Investors in The Necessity Retail REIT, Inc. (“Necessity REIT”), formerly known as American Finance Trust, Inc. (AFIN) and, before that, as American Realty Capital Trust V, Inc., may have FINRA arbitration claims, if their investment was recommended by a financial advisor who lacked a reasonable basis for the recommendation, or if the nature of the investment was misrepresented by the stockbroker or advisor.


Necessity REIT listed its shares on Nasdaq Global Select Market (“Nasdaq”) under the ticker symbol “AFIN” effective July 19, 2018.  The Company later changed its name to The Necessity Retail REIT and adopted the ticker symbol “RTL” in February 2022.   Before listing its shares on Nasdaq,  Necessity REIT (then known as American Finance Trust) published an “estimated per share” net asset value of $23.56 in June 2018- leaving investors surprised when the REIT’s shares plummeted in value after being listed on Nasdaq only a month later in July 2018.   The REIT’s shares have continued to languish, and as of January 2023, Necessity REIT shares were trading at below $7.00 a share- meaning that investors who bought shares in the initial offering would have lost well over half of their initial investment.

More recently, an investor in Necessity REIT known as Blackwells Capital, LLC (“Blackwells”) has called for corporate governance changes and new directors for the REIT.  According to a recent news article, Blackwells reportedly notes that Necessity REIT trades at a 68.5% discount to its net asset value or “NAV” which, according to Blackwells, represents poor performance relative to comparable REITs.  Blackwells reportedly filed a lawsuit against Necessity REIT in December, 2022, challenging Necessity REIT’s interpretation of the meaning of a July 2022 bylaw amendment concerning the appointment of directors to the REIT’s board.  Blackwells has nominated two candidates for the Necessity REIT’s board, who have been rejected by the REIT, precipitating the lawsuit.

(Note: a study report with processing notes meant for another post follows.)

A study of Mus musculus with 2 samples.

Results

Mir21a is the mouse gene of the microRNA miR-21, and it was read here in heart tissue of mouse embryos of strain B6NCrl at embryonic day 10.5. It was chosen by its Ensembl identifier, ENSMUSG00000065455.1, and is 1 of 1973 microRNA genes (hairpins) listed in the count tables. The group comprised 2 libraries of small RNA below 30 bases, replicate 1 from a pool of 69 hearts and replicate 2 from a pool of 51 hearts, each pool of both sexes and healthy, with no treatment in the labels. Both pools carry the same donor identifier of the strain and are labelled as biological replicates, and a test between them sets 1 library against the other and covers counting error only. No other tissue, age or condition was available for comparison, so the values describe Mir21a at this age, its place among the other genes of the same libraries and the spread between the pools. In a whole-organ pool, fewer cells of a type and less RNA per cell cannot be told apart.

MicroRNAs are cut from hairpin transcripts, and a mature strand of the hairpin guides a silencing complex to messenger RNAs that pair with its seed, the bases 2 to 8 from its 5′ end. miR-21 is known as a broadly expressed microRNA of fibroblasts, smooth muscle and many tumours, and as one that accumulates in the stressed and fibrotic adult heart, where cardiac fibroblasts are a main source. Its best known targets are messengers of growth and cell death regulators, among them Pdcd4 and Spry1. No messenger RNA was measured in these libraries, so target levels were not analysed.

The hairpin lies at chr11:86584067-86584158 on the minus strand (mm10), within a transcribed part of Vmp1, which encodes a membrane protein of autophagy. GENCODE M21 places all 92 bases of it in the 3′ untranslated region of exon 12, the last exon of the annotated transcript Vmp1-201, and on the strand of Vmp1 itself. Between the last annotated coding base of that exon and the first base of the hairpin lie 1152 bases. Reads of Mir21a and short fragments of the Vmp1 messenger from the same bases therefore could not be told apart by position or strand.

Initially offered as a non-traded REIT, Necessity REIT’s offering raised more than $1.6 billion in investor equity.  Stockbrokers and financial advisors who sell non-traded REITs and other non-conventional investments have an obligation to recommend these investments only when they have a reasonable basis to recommend them to an individual customer.  Advisors also may not sell non-traded REITs or other investments via a misleading sales presentation that omits to disclose material risks.  A hallmark of non-traded REITs is their high up-front commissions, typically between 7-10%, which many investors may overlook at the time of purchase, and which may motivate financial advisors to recommend non-traded REITs instead of lower-commission alternatives such as publicly-traded REITs and ETFs.

As of Sept. 30, 2022, Necessity REIT reportedly owned 1,050 properties, comprised of 28.8 million rentable square feet, which were 92.6% leased, including 939 single-tenant net leased commercial properties, 900 of which are retail properties, and 111 multi-tenant retail properties.

Investors with questions about claims against a stockbroker or investment advisor concerning Necessity REIT or other non-traded REITs or non-conventional investments may contact Law Office of Christopher J. Gray, P.C. at (866) 966-9598 or via email at for a no-cost, confidential consultation. Attorneys at the firm are admitted in New York, Wisconsin and various federal courts around the country, and handle cases nationwide (in cooperation with attorneys located in those states if required by applicable rules).